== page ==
A new generation of lunar rovers under development by Lockheed Martin and GM could be used by Artemis astronauts to extend and enhance the exploration of the surface of the moon.

The world may be full of difficult issues and major disagreements, but one thing that almost everyone seems to get excited about is space. Decades ago, NASA sent people to the moon, but since those groundbreaking missions, our exploration of space beyond orbit has been electronic in nature. That’s all about to change in the coming years, as General Motors is teaming up with Lockheed Martin to provide lunar transportation for NASA’s next Moon mission.


The Artemis program is NASA’s effort to send humans back to the Moon, and this time around, the government agency challenged industry to come up with a solution for lunar travel. Lockheed Martin and General Motors are partnering to provide that solution, which the two companies say will fundamentally evolve and expand humanity’s deep-space exploration footprint.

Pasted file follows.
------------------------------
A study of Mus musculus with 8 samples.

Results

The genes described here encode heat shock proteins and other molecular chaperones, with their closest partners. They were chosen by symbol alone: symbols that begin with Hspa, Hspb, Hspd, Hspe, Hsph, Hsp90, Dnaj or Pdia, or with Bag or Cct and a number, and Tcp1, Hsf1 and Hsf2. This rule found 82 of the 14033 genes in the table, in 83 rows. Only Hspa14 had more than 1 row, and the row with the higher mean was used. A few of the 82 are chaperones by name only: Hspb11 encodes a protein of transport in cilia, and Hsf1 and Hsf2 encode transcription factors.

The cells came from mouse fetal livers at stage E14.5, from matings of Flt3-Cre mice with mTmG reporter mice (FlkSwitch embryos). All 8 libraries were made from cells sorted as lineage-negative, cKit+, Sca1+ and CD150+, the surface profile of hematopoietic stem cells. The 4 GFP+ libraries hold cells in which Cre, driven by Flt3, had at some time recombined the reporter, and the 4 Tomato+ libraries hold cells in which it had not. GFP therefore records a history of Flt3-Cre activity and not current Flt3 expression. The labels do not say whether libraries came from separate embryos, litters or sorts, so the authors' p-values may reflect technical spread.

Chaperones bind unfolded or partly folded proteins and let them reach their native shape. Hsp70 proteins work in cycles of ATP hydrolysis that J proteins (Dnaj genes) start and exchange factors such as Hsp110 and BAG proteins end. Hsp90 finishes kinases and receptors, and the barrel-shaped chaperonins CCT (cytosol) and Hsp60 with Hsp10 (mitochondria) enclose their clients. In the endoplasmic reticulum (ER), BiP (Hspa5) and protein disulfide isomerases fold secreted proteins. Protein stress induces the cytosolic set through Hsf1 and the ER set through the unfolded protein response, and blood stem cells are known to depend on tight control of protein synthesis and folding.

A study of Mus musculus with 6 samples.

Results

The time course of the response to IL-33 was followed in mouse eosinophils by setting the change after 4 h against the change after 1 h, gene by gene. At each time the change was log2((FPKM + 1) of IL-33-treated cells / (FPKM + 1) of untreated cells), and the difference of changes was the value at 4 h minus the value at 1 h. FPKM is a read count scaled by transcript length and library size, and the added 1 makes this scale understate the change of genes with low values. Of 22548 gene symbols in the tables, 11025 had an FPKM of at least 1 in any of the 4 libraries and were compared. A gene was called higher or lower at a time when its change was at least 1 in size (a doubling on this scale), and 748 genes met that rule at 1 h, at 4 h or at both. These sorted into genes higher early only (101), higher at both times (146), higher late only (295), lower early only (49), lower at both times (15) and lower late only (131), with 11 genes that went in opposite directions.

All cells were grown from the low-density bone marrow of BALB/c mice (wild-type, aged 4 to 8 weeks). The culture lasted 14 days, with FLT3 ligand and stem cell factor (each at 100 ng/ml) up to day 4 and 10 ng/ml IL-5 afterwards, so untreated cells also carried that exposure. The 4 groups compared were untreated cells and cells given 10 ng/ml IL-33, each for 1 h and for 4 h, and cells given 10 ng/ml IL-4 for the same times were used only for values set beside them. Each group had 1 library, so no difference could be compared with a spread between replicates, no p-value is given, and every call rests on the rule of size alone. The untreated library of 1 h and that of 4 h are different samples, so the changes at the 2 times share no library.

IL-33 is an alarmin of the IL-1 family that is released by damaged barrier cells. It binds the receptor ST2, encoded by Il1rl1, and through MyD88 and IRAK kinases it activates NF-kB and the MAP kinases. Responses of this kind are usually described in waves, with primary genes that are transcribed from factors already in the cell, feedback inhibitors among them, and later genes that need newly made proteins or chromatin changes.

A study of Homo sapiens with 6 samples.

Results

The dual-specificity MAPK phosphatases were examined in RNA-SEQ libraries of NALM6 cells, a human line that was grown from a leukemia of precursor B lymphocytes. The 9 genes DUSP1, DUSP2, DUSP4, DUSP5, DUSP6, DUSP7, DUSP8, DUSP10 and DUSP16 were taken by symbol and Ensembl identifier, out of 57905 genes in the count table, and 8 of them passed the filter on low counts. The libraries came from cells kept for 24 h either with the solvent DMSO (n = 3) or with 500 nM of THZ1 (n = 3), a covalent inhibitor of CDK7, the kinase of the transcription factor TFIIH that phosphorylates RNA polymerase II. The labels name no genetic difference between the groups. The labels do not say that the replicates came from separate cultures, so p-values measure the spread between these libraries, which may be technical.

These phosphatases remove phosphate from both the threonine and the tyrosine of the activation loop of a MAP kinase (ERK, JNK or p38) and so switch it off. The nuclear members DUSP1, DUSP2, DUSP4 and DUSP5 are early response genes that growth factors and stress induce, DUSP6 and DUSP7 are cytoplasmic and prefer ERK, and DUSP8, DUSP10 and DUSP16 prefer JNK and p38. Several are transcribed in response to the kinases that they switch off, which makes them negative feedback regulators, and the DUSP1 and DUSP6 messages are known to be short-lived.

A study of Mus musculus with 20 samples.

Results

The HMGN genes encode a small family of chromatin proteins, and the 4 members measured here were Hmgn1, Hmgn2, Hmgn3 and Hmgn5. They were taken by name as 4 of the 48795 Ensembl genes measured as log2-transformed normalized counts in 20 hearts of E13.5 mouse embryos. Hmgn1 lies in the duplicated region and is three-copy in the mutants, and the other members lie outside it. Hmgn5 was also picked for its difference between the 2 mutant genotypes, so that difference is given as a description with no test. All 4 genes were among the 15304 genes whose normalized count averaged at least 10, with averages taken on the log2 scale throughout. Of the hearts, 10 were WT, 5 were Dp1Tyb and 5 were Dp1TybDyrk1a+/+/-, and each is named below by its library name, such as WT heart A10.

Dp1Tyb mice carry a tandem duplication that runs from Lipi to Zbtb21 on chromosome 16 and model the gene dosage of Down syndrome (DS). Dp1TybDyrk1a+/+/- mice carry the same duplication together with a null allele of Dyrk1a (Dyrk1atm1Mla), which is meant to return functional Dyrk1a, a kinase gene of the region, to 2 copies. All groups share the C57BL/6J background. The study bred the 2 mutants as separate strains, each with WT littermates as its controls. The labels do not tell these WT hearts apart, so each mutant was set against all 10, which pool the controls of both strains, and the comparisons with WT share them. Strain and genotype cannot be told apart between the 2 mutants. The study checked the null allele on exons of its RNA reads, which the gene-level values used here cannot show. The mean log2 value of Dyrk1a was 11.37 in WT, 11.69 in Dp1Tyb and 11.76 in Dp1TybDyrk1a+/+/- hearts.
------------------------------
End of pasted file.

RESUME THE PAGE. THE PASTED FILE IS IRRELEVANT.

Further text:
General Motors was involved in the Apollo 15 mission, where it helped engineer the Lunar Rover Vehicle used by astronauts on the moon. That vehicle had a range of only about 4.7 miles, but thanks to decades of advancements in technology and GM’s massive investments in EV technologies, the new vehicle will be able to transport astronauts to the Moon’s south pole. The area will be much harder to reach over tough terrain, and will be dark and cold.


Autonomous self-driving systems will help the rovers transport humans, move payload, and increase the mission’s ability to collect scientific samples and conduct experiments. “Surface mobility is critical to enable and sustain long-term exploration of the lunar surface,” said Rick Ambrose, EVP, Lockheed Martin Space. “These next-generation rovers will dramatically extend the range of astronauts as they perform high-priority science investigation of the Moon that will ultimately impact humanity’s understanding of our place in the solar system.”


General Motors may have helped with Apollo 15, but Lockheed Martin has built spacecraft and systems that have gone to every planet. The company has been on every NASA mission to Mars, and even built eleven of NASA’s Mars spacecraft.